How to Find Companies with Wide Moats
You need to look at the numbers, and at the business.
What gives a company a wide economic moat? I get this question all the time, and it bears some discussion, since analyzing moats and thinking about competitive advantage is at the core of what we do at Morningstar.
People often think that analyzing moats is as simple as looking for strong historical profitability. Ah, if only it were that easy. In truth, history is an imperfect guide, since the value a company will create for shareholders is dependent on how well it fends off competition in the future. High returns on capital attract competitors, and those great historical numbers will fade fast if a firm doesn't have a strong competitive advantage. Oftentimes, that competitive advantage isn't obvious--you have to do some digging into the firm's business model to figure it out.
Let me walk you through four types of companies to show you how quantitative analysis meshes with more subjective, qualitative analysis in deciding the strength of a company's competitive advantage.
First, the "no-brainer" firms, with strong historical returns on capital and a business model chock-full of "moaty" characteristics. These are the firms whose businesses approach that lovely nirvana of minimal capital investment, and lots of cash generation. Think about Moody's (MCO) or eBay (EBAY)--great profitability metrics in the past, and competitive positions strong enough to make it likely that they'll be just as profitable in the future. Moody's is protected by a strong brand and government regulations, and eBay has a massive liquidity pool of buyers and sellers that would be very hard to replicate.
Firms with Less-Obvious Advantages
Second, there are firms that have posted great historical metrics, but which have less-obvious competitive advantages. Expeditors International (EXPD) and Weight Watchers (WTW) are good examples of this. Both have tremendous records of generating gobs of free cash flow and kicking out high returns on capital, but neither freight forwarding nor weight-loss management seem like intuitively wide-moat businesses.
If you dig into the two firms, however, you discover that Expeditors has a global network of offices and an incentive-based company culture that would be very tough to replicate. As for Weight Watchers, there's a strong brand and a flexible approach to weight loss--essentially, the firm is little more than an organized support group, since it can modify its content based on the latest scientific findings. It would be tough for a rival to compete with such an all-encompassing approach to weight loss. As you can see, the moats for Expeditors and Weight Watchers are more subtle than those for Moody's or eBay, but they're definitely evident once you do some qualitative analysis of the firms' business models.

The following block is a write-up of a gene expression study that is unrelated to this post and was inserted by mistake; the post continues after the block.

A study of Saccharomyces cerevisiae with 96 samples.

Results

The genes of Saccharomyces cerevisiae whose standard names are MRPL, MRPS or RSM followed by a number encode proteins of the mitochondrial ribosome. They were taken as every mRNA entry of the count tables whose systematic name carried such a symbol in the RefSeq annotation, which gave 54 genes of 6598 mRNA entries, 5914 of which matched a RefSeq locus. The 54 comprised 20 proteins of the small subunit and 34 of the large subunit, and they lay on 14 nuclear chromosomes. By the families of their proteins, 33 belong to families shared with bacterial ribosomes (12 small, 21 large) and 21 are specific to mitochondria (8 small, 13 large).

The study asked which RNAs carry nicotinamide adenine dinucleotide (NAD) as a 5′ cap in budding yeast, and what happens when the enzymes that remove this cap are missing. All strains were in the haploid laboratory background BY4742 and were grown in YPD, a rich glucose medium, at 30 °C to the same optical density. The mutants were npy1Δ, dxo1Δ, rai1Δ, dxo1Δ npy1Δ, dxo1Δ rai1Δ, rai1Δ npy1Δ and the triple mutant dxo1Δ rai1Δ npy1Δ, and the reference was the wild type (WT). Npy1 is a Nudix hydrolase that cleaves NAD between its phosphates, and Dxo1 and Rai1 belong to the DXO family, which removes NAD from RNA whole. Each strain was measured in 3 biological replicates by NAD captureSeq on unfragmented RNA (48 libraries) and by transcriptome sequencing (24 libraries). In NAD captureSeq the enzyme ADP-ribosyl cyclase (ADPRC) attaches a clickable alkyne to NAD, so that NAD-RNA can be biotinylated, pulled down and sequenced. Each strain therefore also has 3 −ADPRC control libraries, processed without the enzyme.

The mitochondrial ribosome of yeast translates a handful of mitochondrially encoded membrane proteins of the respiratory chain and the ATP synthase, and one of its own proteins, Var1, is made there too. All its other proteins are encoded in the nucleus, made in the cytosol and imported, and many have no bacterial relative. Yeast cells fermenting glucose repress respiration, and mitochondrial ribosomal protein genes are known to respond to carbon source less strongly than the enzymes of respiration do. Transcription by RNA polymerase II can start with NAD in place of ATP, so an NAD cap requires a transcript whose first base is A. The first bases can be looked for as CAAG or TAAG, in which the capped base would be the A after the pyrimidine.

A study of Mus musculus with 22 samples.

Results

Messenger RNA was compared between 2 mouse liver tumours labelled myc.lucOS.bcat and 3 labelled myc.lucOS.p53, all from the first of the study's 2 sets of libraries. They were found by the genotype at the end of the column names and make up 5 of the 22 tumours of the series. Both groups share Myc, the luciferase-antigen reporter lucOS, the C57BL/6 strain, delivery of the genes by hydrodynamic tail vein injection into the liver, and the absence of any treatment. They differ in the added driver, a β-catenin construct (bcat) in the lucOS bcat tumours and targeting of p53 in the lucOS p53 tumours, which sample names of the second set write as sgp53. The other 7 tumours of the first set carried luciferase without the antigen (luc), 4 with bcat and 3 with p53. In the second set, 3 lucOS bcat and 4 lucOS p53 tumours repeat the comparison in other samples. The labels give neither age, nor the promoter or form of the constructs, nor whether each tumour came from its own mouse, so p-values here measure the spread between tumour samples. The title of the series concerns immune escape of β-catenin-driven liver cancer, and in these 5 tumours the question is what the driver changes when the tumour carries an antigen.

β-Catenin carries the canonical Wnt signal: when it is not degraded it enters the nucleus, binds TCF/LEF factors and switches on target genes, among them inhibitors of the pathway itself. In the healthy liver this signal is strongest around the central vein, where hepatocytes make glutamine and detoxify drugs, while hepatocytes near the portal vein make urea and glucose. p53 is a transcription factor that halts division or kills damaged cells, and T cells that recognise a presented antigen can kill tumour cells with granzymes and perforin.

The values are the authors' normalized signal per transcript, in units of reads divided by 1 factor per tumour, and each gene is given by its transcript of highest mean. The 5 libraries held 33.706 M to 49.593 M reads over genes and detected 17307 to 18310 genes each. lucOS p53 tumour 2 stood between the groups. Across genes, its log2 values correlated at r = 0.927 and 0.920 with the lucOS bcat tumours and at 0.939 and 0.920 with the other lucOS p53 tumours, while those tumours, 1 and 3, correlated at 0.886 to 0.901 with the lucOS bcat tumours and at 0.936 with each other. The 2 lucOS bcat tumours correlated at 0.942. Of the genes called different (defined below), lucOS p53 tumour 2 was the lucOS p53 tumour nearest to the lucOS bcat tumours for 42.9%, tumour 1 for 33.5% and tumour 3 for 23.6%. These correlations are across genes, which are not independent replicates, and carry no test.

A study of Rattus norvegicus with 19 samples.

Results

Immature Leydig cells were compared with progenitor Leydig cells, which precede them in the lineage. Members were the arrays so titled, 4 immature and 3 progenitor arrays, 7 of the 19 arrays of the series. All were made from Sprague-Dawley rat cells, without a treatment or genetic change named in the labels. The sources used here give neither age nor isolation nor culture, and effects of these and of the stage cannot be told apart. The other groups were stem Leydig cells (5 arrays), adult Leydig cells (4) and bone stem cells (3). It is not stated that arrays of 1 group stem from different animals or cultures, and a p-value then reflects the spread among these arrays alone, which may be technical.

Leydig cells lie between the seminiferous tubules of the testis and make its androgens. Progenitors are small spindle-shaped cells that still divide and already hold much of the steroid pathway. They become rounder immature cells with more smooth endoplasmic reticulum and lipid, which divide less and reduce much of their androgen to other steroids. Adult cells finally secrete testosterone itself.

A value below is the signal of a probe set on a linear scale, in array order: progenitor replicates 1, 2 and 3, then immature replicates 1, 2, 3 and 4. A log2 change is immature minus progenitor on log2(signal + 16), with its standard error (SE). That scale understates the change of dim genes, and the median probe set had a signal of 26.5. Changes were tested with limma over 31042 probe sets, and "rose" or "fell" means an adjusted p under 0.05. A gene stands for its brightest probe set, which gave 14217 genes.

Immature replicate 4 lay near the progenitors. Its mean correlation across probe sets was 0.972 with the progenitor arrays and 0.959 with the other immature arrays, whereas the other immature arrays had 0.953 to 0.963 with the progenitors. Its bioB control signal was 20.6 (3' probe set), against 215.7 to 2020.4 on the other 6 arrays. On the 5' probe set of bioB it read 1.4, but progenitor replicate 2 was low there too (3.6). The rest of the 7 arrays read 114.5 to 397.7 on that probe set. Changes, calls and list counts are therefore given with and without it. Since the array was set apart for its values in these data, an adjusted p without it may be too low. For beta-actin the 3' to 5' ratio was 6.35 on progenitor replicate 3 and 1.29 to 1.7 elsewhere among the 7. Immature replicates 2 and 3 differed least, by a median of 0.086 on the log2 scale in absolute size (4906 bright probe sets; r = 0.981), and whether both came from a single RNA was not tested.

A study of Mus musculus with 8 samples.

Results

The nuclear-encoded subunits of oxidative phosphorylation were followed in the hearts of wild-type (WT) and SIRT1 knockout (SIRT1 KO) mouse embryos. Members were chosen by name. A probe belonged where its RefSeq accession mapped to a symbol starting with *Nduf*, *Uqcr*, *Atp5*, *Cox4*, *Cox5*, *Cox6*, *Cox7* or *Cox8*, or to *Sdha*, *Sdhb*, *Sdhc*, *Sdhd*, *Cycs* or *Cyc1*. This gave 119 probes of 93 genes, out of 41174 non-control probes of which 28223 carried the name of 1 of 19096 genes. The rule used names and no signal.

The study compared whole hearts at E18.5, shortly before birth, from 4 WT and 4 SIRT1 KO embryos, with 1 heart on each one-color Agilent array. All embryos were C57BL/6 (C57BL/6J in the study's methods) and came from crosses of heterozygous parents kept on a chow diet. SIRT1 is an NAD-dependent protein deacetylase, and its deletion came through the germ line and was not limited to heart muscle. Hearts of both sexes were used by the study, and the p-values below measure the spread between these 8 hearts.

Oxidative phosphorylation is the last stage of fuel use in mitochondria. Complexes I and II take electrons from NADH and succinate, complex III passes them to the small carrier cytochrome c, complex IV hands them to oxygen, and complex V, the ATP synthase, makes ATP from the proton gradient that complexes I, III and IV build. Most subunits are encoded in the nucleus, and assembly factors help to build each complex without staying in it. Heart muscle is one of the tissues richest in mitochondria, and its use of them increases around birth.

Third, we have what I call the flash-in-the-pan firms, which have fabulous historical returns on capital, but that fail to build significant moats around their businesses. Lots of technology firms fall into this category--remember Borland (Quattro Pro), 3dfx (graphics chips), or all the firms that made pagers back in the day? All were very profitable businesses that were also very susceptible to competition or technological change.
Most retailers also fall into this category, since most retail "concepts" either get copied or go out of style. My current favorite example of this phenomenon is Garmin (GRMN), which is a leader in global positioning devices--for aircraft and for personal use. It's a solid, high-growth business with 40%-plus returns on capital, but we think it has at best a narrow economic moat. There's just not much stopping a bigger competitor from investing some capital, building a better mousetrap, and eating away at Garmin's profits.
Finally, there are the really tough calls--companies that have not yet posted great returns on capital, but that seem to have lots of wide-moat characteristics. I'd point to document-storage firm Iron Mountain (IRM) as a great example. Operating margins are solid in the mid- to high teens, but the firm has been plowing so much capital into its business that returns on invested capital are pretty mediocre in the mid-single digits. Moreover, it's only started generating free cash flow again recently, after a long dry spell in the 1990s when it was investing heavily.
However, when you consider that customers have to pay a fee equivalent to nearly a year's rent if they want to remove a box, some switching costs become evident. A competitor would have to offer some big discounts to overcome this cost, and since document-storage facilities become profitable only after they're 50% full, that would-be competitor would have to be willing to lose money for quite some time--a substantial barrier to entry. Also, since storage costs are a miniscule part of most companies' budgets, Iron Mountain has pricing power--gross margins have been steadily rising for almost a decade. Finally, it costs a lot less to maintain a storage warehouse than it does to build a new one, so free cash flow should improve considerably once Iron Mountain moves out of its growth phase.
All these sound like pretty moaty characteristics to me, but assuming that Iron Mountain has a wide economic moat is still a bit of a leap of faith, since it hasn't yet put up the numbers.
That's the point, though--investing is a mix of quantitative and qualitative analysis. Usually, the first tells you where a company has been, and the second helps you think about where it might be going.
Pat Dorsey does not own (actual or beneficial) shares in any of the securities mentioned above. Find out about Morningstar’s editorial policies.